Efficient Targeted Mutagenesis in Medaka Using Custom-Designed Transcription Activator-Like Effector Nucleases (TALENs) - Genetics | BIOTECH | Scoop.it


Ansai et al (2013)

Abstract:

Transcription activator-like effector nucleases (TALENs) have become powerful tools for targeted genome editing. Here we demonstrated efficient targeted mutagenesis in medaka (Oryzias latipes), which serves an excellent vertebrate model for genetics and genomics. We designed and constructed a pair of TALENs targeting the medaka DJ-1 gene, a homologue of human DJ-1 (PARK7). These TALENs induced a number of insertions and deletions in the injected embryos with extremely high efficiency. This induction of mutations occurred in a dose-dependent manner. All screened G0 fish injected with the TALENs transmitted the TALEN-induced mutations to the next generation with high efficiency (44-100%). We also confirmed that these TALENs induced site-specific mutations, because none of the mutations were found at potential off-target sites. In addition, the DJ-1 protein was lost in DJ-1Δ7/Δ7 fish that carried a TALEN-induced frame-shift mutation in both alleles. We also investigated the effect of the N- and C-terminal regions of the transcription activator-like (TAL) effector domain on the gene-disrupting activity of DJ1-TALENs and found that 287 amino acids at the N-terminus and 63 amino acids at the C-terminus of the TAL domain exhibited the highest disrupting activity in the injected embryos. Our results suggest that TALENs enable us to rapidly and efficiently establish knockout medaka strains. This is the first report of targeted mutagenesis in medaka using TALENs. The TALEN technology will expand the potential of medaka as a model system for genetics and genomics.

 

[Image: Wikipedia/NARUSE, Kiyoshi]


Surrogate reporters for enrichment of cells with nuclease-induced mutations : Nature Methods | BIOTECH | Scoop.it

"A simple episomal fluorescent reporter for flow cytometric enrichment of cells with zinc-finger nuclease- or TALE nuclease-induced genomic modifications is described.... Transiently transfected episomal reporters encoding fluorescent proteins can be used as surrogate genes for the efficient enrichment of endogenous gene-modified cells by flow cytometry."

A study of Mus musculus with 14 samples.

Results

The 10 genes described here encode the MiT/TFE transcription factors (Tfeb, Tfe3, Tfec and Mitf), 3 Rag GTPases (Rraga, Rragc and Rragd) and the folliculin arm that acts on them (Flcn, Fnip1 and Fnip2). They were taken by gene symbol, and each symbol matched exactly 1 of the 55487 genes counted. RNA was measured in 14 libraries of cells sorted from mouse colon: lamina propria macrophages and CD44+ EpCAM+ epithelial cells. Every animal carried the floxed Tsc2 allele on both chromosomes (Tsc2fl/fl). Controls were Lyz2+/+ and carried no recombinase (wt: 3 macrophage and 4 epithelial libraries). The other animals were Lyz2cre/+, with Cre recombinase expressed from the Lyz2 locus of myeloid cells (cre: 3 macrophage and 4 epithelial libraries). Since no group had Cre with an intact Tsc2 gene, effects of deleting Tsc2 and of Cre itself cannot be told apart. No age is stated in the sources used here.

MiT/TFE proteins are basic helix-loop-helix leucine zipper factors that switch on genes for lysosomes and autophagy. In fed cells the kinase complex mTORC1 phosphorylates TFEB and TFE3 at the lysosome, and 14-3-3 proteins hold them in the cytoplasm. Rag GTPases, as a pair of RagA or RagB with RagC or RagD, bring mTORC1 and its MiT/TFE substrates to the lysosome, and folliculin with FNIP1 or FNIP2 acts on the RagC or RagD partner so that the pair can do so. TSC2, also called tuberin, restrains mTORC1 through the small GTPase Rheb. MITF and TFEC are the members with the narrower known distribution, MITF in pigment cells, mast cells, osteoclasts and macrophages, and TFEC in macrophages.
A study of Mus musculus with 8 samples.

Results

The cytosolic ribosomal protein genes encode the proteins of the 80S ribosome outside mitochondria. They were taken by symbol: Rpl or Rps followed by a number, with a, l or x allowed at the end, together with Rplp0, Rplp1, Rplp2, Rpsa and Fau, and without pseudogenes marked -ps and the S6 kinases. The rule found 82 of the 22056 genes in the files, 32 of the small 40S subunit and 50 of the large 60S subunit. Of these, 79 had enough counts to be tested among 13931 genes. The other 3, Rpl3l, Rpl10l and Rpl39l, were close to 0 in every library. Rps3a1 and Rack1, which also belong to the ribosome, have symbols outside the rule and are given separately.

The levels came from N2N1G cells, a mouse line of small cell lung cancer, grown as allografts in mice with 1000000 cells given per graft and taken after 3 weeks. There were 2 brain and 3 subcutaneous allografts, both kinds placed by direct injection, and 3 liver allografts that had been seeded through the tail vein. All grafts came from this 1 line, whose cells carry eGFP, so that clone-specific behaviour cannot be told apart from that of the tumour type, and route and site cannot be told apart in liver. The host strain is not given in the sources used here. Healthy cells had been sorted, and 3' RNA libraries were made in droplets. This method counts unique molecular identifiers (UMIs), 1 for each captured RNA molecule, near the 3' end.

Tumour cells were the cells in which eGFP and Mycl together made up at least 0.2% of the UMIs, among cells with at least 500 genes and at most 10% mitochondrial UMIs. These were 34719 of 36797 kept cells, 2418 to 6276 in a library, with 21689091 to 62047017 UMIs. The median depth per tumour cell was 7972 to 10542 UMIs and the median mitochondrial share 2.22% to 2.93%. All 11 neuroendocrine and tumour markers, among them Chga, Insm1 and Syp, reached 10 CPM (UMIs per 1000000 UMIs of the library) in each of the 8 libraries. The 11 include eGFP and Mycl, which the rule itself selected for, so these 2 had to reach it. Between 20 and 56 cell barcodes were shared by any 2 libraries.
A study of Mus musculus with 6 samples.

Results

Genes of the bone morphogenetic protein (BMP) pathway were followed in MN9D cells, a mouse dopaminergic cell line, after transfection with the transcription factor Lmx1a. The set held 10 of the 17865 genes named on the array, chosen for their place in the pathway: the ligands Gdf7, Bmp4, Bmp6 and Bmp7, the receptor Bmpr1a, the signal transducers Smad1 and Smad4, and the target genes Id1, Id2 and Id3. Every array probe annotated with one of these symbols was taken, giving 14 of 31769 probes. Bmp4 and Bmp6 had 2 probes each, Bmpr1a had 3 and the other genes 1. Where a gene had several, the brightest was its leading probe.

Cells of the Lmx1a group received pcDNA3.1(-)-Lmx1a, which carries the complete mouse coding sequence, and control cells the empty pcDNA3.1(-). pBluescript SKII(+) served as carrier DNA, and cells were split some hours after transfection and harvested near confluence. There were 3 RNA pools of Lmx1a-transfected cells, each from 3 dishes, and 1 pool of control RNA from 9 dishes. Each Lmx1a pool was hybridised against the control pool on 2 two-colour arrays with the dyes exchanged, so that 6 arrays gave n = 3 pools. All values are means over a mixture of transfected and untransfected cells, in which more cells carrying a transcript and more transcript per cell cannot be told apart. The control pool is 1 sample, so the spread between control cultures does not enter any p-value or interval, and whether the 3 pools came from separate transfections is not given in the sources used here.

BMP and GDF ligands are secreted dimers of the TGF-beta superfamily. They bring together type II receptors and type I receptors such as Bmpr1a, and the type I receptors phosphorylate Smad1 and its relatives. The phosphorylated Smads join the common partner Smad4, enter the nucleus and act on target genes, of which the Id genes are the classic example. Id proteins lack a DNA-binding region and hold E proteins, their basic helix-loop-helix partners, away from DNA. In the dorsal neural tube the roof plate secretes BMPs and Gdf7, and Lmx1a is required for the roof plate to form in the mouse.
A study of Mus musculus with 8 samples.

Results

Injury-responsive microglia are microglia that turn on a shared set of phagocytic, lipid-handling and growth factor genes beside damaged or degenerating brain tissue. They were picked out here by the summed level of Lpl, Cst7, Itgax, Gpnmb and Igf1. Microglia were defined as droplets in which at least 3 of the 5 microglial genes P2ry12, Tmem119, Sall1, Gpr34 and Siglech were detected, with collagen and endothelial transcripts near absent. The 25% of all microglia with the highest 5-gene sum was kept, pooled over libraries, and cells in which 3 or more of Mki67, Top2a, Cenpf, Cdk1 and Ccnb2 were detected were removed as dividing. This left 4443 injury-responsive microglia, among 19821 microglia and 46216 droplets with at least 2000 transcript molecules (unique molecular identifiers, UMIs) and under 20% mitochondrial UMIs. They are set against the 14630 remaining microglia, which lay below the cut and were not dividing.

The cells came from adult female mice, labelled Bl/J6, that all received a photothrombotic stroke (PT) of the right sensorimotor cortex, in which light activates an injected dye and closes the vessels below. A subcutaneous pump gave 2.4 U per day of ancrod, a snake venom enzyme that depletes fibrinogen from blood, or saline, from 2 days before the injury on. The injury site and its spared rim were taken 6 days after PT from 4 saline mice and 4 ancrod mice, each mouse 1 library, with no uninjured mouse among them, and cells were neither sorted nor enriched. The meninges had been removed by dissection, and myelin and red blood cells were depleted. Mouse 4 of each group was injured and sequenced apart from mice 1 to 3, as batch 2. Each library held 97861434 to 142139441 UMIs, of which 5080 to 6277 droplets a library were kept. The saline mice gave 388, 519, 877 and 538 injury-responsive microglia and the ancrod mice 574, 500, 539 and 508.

Characterization and DNA-Binding Specificities of Ralstonia TAL-like Effectors - Mol. Plant | BIOTECH | Scoop.it

via Tom Schreiber, thanks!

Li et al 2013

Ralstonia solanacearum TALE-like proteins (RTLs) exhibit similar structural features to TALEs, including a central DNA-binding domain composed of 35 amino acid-long repeats. Here, we characterize the RTLs and show that they localize in the plant cell nucleus, mediate DNA binding, and function as transcriptional activators. RTLs have a unique DNA-binding architecture and are enriched in repeat variable di-residues (RVDs), which determine repeat DNA-binding specificities. We determined the DNA-binding specificities for the RVD sequences ND, HN, NP, and NT. The RVD ND mediates highly specific interactions with C nucleotides, HN interacts specifically with A and G nucleotides, and NP specifically binds to C, A, and G nucleotides. Moreover, we developed a highly efficient repeat assembly approach for engineering RTL effectors. Taken together, our data demonstrate that RTLs are unique DNA-targeting modules that are excellent alternatives to be tailored to bind to user-selected DNA sequences for targeted genomic and epigenomic modifications. These findings will facilitate research concerning RTL molecular biology and RTL roles in the pathogenicity of Ralstonia spp.


THIS MANUSCRIPT HAS BEEN RETRACTED BY THE AUTHORS!
Nicolas Denancé's comment, March 24, 2013 10:30 AM
Thanks Dromius for the info. It is always bad news when scientists retract their published work. Is it because they absolutely wanted to be the first to publish data on Ralstonia solanacearum TAL effectors so that they did not check/analyzed their results enough? Sometimes I feel sad because of this publication race. Is it really good for Science?
dromius's comment, March 24, 2013 11:36 AM
There are many reasons/motivation for rushing into publication. It will be interesting to see what follows. The webpage of the journal is not clear about that. It can be an amended version or a retraction note or a new paper...I appreciate that they retracted it rather quickly, as this prevents it from being archived in the heads of people and in reviews.

A large-scale in vivo analysis reveals that TALENs are significantly more mutagenic than ZFNs generated using context-dependent assembly - Nuc l. Acids Res. | BIOTECH | Scoop.it


Zinc-finger nucleases (ZFNs) and TAL effector nucleases (TALENs) have been shown to induce targeted mutations, but they have not been extensively tested in any animal model. Here, we describe a large-scale comparison of ZFN and TALEN mutagenicity in zebrafish. Using deep sequencing, we found that TALENs are significantly more likely to be mutagenic and induce an average of 10-fold more mutations than ZFNs. We observed a strong correlation between somatic and germ-line mutagenicity, and identified germ line mutations using ZFNs whose somatic mutations rates are well below the commonly used threshold of 1%. Guidelines that have previously been proposed to predict optimal ZFN and TALEN target sites did not predict mutagenicity in vivo. However, we observed a significant negative correlation between TALEN mutagenicity and the number of CpG repeats in TALEN target sites, suggesting that target site methylation may explain the poor mutagenicity of some TALENs in vivo. The higher mutation rates and ability to target essentially any sequence make TALENs the superior technology for targeted mutagenesis in zebrafish, and likely other animal models.